Old World Grape Stomping Takes Place Once A Year In The Mountains Of Portugal
Deep in the mountains of Portugal, surrounded by the stunning vineyards of the Douro Valley, lies the heart and soul of Old World winemaking. Once a year, a spectacular ritual begins, harvesting the season's grapes by the generations-old families who pick, carry and stomp their way through the Fall with purple feet stained by the grapes.
A new documentary, "A Wonderful Kingdom," has recently been released (Apple TV), celebrating tradition with an homage to these hard-working locals, creating lifeblood that flows through the granite-based soil of the region. Set to the words of iconic poet Miguel Torga and narrated by actor Malcolm McDowell, this stunning documentary showcases the region's breathtaking beauty.
The talent of gathering grapes and then turning them into many varieties of wine has continued for nearly 300 years. Each September and October, this winemaking tradition creates unique energy for the region as the locals gather from nearby villages to work the vineyards.
This is all sweaty, manual work with no machines. Grapes are hand cut off the stems with scissors, and the heavy boxes are carried away by workers on their backs. Grapes are then taken and poured into large stone tanks and stomped to squeeze the liquid out from the skin. This usually happens to the sound of someone marking the rhythm with a song, as workers stomp in a synchronized and more effective way while embracing each other.
If you wish to participate in the experience, you wash your feet and legs and then step into the giant vats of grapes where you become part of a line of dedicated grape stompers. Crushing the grapes requires a lot of aerobic energy, as you press the grapes down with your foot to gently crush them. It is all synchronized and hypnotic as music accompanies them, making it more celebration than redundant work.
The documentary uses tracking shots to evoke the time it takes to harvest grapes and handcraft wine, while stunning aerial views give the Douro River and the valley’s striking cliffs and steep vineyard slopes. The vineyards of the Transmontano region are mainly planted along the banks of the Douro, Sabor, Tua, and Tamega rivers.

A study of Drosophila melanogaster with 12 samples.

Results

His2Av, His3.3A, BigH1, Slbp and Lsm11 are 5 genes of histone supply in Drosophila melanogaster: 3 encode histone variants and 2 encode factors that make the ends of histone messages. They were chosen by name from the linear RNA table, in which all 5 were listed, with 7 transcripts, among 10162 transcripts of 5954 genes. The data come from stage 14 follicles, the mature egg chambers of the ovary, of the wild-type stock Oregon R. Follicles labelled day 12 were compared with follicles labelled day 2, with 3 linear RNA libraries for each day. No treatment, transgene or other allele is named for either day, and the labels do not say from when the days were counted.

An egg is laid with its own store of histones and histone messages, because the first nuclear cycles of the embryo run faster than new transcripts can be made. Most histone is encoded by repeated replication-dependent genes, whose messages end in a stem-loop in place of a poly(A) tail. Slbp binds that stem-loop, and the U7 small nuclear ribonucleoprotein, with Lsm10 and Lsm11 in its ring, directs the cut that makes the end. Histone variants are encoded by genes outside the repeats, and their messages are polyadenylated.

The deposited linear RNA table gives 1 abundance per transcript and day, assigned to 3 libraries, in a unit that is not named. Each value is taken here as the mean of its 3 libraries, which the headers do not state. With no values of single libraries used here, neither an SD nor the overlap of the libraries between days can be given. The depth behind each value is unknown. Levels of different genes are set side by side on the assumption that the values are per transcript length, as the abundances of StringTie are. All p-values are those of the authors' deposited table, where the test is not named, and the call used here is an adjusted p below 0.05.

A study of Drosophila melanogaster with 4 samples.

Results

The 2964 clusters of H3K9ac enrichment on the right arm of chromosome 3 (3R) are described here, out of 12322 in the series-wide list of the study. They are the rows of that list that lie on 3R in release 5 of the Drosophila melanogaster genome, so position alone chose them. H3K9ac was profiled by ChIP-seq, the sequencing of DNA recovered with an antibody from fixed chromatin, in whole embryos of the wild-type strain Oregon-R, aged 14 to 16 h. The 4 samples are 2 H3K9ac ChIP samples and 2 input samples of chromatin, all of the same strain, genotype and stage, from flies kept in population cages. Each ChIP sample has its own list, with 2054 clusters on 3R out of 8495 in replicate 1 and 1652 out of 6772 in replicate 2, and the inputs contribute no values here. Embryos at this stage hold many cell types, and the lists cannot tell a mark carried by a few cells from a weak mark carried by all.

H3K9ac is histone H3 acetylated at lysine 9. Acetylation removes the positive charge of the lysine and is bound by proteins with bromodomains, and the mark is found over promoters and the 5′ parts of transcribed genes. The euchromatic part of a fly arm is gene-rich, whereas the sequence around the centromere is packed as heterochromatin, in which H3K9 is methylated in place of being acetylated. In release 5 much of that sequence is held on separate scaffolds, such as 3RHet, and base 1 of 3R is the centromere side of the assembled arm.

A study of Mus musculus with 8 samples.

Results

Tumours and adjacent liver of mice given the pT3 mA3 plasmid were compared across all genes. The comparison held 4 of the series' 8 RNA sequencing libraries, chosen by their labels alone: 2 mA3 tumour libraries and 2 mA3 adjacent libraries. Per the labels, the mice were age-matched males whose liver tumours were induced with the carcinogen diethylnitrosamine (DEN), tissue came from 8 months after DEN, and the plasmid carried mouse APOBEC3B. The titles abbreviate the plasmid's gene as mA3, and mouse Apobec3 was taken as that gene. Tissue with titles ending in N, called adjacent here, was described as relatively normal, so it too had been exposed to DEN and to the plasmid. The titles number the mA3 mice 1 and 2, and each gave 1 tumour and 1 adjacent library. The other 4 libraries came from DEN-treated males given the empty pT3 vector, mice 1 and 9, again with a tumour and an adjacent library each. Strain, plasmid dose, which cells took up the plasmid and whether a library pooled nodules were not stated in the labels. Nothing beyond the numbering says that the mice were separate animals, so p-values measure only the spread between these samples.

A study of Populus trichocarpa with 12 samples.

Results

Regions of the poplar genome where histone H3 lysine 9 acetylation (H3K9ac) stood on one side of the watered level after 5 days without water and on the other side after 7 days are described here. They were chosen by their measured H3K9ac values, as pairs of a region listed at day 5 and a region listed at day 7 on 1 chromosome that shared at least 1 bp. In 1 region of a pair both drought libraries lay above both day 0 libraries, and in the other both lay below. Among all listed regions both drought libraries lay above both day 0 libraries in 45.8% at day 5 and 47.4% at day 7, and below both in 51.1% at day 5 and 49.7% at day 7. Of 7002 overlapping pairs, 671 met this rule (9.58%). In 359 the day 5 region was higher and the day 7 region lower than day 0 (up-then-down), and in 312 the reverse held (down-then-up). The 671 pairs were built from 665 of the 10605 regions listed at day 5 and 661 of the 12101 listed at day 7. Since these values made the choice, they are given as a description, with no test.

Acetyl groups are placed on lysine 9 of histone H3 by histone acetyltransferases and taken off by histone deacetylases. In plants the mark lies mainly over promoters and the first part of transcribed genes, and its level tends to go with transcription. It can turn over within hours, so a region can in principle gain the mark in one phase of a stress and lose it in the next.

The Transmontano wine region provides wine lovers with the widest possible range of Portuguese wines. These wines are unique in that they are grown in some of the driest and harshest conditions in Portugal, and the yields are always low.
Born in Porto, Portugal, Carlos Carneiro is a Portuguese director based in Brooklyn, NY. He joined Vacationland Productions, where the focus is on developing feature documentaries. We spoke at length about the experience of embedding himself and his film crew into a local winery with a unique focus on the winemaking process.
"The film is not really about wine," says Carlos. "I wanted to pay tribute to the people and to the region. Obviously, I zoomed in on the most celebrated aspect of the region, which is winemaking. Once a year, during the harvest, every winery will stomp grapes, and they're very proud of that custom. We shot at the Niepoort Winery, where they stomp the grapes twice a day. In the morning, it's more chilled, with the radio on. In the afternoon slots, there is no music. and they are in the zone."
Wine afficianados usually stay near the small towns of Peso da Régua and Pinhão along the Douro River. This year, the region welcomed new boutique hotels, including the Six Senses Douro Valley (where during the September and October harvest, visitors can stomp grapes at neighboring vineyards with the locals.) Also noteworthy is Douro Villa, Douro41 Hotel, Quinta de la Rosa, and Ventozelo Hotel & Quinta.
Wine stomping is an art form that has existed generation after generation and has become one of the most popular experiences for visitors to the Douro Valley. You will not forget the feeling of grapes beneath your feet, followed by a leisurely afternoon of wine tasting in one of the most beautiful locations in the world.